By Brett Gold – Feb 28, 2014 at 10:21AM


It might be hard to recall, but Liam Neeson wasn't always Hollywood's go-to badass. Once upon a time, he was the star of more subdued fare, such as Nell and Schindler's List. Then his on-screen daughter was Taken and his career -- and the world of movies -- has never been the same.

(Credit: Universal)

A special set of skills

Taken was made by 20th Century Fox (FOXA) for $25 million and was at one point expected to go directly to DVD. It didn't. The movie hit theaters Jan. 30, 2009, and made $24.7 million its opening weekend. That number would balloon to $145 million domestically and $220 million worldwide, minting Neeson as a bankable lead.

More movies began coming Neeson's way, all of the action variety. He fronted the big-screen adaptation of The A-Team (also for Fox), portrayed Zeus in Clash of the Titans for Warner Brothers, and headlined thrillers Unknown (Warner Brothers) and The Grey (Open Road). All of those movies saw strong openings -- The Grey was the only one that didn't top $20 million in its opening weekend, and it just missed at $19.6 million.

(Credit: Fox)

Riding high

It was no longer even a question of if Liam Neeson was bankable; it was question of what mark he would break next. Turns out it was his own, as Taken 2 opened in 2012 to nearly $50 million and led to the timeless tweet, "The leading cause of death for Albanian men ages 18-35 is Liam Neeson."

That brings us to today as Universal's (a subsidiary of Comcast (CMCSA 1.00%)Non-Stop is set to take off in theaters. The movie centers on Neeson as an air marshal who must stop a terrorist attack while en route from New York to London. Make no mistake, Neeson is the star despite the pedigree of co-stars Julianne Moore, Michelle Dockery, and Lupita Nyong'o. Estimates have the movie making between $20 million and $25 million, in line with earlier expectations.

For Neeson, who at age 61 never imagined he'd be an action star, this will be his fourth action film in six years to hit the box office. And that success has carried with him outside the genre. This year, he lent his voice to characters in The Nut Job and The Lego Movie, both animated features and both among the biggest first quarter hits of 2014. In fact, Nut Job went on to become the highest-grossing film in its distributor's (Open Road) three-year history, topping the mark Neeson set in 2012 with The Grey.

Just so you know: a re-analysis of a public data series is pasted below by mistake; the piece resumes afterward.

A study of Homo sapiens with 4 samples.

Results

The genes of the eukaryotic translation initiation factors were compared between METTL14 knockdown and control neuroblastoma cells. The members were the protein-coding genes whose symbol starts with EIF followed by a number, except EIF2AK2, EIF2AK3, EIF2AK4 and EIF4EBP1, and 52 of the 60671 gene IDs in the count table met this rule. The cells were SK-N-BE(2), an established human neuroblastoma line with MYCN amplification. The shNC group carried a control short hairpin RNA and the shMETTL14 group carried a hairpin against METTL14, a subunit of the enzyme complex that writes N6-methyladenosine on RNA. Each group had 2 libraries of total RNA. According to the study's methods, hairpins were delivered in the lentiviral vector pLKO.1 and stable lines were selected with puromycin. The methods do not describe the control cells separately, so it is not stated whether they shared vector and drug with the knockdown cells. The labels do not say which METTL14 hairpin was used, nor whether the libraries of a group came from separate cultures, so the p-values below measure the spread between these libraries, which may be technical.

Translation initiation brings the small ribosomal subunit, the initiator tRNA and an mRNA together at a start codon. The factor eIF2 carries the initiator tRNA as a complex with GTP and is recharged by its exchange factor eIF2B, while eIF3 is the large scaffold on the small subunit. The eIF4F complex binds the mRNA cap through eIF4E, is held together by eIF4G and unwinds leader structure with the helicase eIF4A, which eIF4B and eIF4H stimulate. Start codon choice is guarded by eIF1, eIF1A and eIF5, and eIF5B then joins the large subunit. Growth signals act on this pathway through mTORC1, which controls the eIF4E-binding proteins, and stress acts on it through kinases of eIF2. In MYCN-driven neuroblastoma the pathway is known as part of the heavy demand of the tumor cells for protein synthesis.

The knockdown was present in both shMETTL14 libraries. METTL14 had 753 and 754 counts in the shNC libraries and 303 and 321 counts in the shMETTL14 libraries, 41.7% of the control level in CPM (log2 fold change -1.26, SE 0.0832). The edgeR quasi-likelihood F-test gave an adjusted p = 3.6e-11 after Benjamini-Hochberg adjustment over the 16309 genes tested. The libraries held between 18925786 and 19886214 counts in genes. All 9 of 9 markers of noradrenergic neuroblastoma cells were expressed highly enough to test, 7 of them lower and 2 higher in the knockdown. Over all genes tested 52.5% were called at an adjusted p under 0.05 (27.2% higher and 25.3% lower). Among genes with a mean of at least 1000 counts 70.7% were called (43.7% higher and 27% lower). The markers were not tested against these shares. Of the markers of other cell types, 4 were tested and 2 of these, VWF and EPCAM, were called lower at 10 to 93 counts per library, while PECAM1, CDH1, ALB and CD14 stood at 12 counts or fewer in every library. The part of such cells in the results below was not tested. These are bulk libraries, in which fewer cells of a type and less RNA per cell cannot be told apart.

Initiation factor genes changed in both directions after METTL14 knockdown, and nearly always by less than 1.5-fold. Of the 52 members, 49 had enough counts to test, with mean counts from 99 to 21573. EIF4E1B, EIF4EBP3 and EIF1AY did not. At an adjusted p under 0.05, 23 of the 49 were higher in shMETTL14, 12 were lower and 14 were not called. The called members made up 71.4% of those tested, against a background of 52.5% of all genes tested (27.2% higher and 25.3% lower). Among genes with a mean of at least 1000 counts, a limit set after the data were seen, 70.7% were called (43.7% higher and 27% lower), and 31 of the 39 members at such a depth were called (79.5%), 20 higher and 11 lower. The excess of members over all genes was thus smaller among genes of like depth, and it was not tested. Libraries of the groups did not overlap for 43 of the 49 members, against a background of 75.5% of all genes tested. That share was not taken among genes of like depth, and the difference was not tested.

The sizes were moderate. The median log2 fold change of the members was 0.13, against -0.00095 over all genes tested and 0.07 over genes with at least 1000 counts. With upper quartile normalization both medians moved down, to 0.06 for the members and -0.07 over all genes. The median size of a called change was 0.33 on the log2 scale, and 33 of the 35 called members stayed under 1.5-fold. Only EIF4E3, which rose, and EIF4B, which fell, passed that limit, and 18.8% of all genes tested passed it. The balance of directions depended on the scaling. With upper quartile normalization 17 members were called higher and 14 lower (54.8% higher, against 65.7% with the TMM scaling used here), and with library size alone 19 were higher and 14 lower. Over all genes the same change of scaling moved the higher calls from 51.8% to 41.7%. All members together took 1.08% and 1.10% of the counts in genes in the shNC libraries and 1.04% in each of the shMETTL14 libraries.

(Credit: Fox)

An 'aging' trend?

So what's next for Neeson and how will it affect the industry? The actor has three more action thrillers on his roster, including A Walk Among the Tombstones (Universal), Run All Night (Warner Brothers), and of course Taken 3 (Fox). He's also attached to expected hits like Martin Scorsese's 2015 drama Silence and this summer's comedy western A Million Ways to Die in the West (Universal) from Ted's Seth MacFarlane.

This doesn't just translate to dollars for the studio, it shows that older actors are still relevant in Hollywood, which was becoming apparent even before Sylvester Stallone's Expendables franchise took off. Neeson carved out a new niche for himself in Hollywood and it's caused a ripple effect. Taken laid the groundwork for the success of Expendables and Bruce Willis' Red (at least the first one), and gave new opportunities to action vets such as Arnold Schwarzenegger and Kevin Costner.

Granted, not all of those movies were hits -- in fact, the less said about movies like The Last Stand the better. But the point is that Taken's success allowed for those movies to be put in production. 

Audience tastes will undoubtedly change, but for now, Neeson is a solid model for box office success. Until that changes, expect to see Neeson continue his cinematic rampage.

 

Brett Gold has no position in any stocks mentioned. The Motley Fool has no position in any of the stocks mentioned. We Fools may not all hold the same opinions, but we all believe that considering a diverse range of insights makes us better investors. The Motley Fool has a disclosure policy.